I write almost every day. Writing is the only way that I’ve figured out how to get my charming friends who live in my head to come into the world and play without making me look like a crazy person. I don’t always write well, but I write easily.
I also get distracted easily.
The happy distractions are things that I love to do, like watching reruns of The Big Bang Theory. I expand my Pinterest boards and plan menus for my next five dinner parties. I start daydreaming about tasty new things to add to my next loaf of bread, and suddenly, I am up to my elbows in flour.
I have to take some pretty intense precautions to avoid happy distractions. Because writing is the first thing I do in the morning after the coffee has been brewed, Operation Focus starts the night before. Before I go to bed, I unplug the TV. I make breakfast (or bread) the night before. I write all my first drafts by hand because I am less likely to sink into the abyss of the Internet if the computer is across the room.
The sneaky distractions are the ones that I would never expect my mind to register as good ideas.
The sneaky distractions are not my favorite pastimes. They’re often chores, like deep cleaning the floorboards or attending an exercise class, which I usually try to find any excuse to avoid. As soon as I make plans to spend an entire decadent day writing, though, the voices in my head that sound freakishly similar to my mother and junior high gym teacher start making a list of things that need to be done. Soon, I have compiled a to-do list that would take four full days to complete.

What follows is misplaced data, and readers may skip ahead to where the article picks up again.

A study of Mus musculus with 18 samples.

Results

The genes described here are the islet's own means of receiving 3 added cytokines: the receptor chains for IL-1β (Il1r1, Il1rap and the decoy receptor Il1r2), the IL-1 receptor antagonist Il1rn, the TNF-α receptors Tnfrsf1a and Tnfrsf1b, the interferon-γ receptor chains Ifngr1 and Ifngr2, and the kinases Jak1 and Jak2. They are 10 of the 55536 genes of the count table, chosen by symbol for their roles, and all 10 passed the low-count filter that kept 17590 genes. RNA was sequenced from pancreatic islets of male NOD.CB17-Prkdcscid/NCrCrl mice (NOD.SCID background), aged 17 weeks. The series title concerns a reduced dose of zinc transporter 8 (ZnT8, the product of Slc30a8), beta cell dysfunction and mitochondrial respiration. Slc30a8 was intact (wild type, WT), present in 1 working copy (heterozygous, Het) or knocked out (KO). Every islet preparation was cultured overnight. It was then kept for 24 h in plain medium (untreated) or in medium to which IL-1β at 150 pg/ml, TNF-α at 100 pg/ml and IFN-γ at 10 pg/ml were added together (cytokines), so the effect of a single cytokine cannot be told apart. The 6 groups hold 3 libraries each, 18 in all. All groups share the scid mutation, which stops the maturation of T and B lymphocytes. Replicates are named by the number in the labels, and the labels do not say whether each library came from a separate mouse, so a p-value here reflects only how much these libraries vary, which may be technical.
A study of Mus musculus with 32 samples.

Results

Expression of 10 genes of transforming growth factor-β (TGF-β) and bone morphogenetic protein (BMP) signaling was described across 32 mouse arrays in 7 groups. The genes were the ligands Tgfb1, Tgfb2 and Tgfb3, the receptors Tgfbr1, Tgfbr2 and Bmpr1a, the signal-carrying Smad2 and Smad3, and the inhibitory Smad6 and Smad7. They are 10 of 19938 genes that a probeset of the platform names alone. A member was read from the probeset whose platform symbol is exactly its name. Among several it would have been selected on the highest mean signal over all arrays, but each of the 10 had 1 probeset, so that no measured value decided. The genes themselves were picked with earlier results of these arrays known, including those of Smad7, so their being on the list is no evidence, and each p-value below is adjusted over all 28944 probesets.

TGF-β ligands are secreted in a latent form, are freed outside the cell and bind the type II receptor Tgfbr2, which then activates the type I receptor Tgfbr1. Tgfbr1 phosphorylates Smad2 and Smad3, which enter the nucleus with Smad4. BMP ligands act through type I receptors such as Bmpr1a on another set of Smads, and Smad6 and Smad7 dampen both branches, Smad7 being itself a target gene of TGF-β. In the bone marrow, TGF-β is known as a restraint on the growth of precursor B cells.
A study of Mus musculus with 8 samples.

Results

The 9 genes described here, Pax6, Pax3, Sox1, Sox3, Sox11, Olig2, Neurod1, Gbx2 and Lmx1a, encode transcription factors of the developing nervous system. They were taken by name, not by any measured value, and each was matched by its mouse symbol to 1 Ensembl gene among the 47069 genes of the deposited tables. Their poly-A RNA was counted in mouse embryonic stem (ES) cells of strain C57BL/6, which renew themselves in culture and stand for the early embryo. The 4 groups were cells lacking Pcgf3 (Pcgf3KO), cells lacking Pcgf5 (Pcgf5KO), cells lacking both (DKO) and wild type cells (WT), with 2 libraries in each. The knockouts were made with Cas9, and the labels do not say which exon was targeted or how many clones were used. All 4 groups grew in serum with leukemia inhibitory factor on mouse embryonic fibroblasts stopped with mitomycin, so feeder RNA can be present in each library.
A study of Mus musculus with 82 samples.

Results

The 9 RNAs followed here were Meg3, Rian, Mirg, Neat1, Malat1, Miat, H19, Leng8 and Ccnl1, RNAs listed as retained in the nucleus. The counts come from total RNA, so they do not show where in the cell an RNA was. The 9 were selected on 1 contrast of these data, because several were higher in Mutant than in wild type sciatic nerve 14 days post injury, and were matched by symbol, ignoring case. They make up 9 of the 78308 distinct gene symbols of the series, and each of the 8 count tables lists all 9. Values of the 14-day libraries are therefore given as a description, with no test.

I used to ignore this list. I would spend the whole day writing, determined to stick to my plan. I was writing drivel, though, because I also spent the whole day plagued by the list in my head of all the things that weren’t getting done. My floorboards judged me. Not giving in to my distractions became a distraction itself.
So I tried something desperate. I gave in. I picked one task from the list, and by the time it was finished, I had lost all motivation to do the rest of the list, I had an oft-neglected chore done, and I had ironed out some plot lines in my head, which gave my writing day a nice jumpstart!
For now, I write almost every day. As I learn to handle distractions (both happy and sneaky ones) better, I hope to make writing an everyday pleasure.
Suzanne Terry is a fiction writer, public speaking teacher, and unapologetic coffee snob. She lives in Denton, Texas, where she is happy to be surrounded by college students, coffee shops, and farmers’ markets. She blogs sporadically at http://coffeesnob318.wordpress.com/.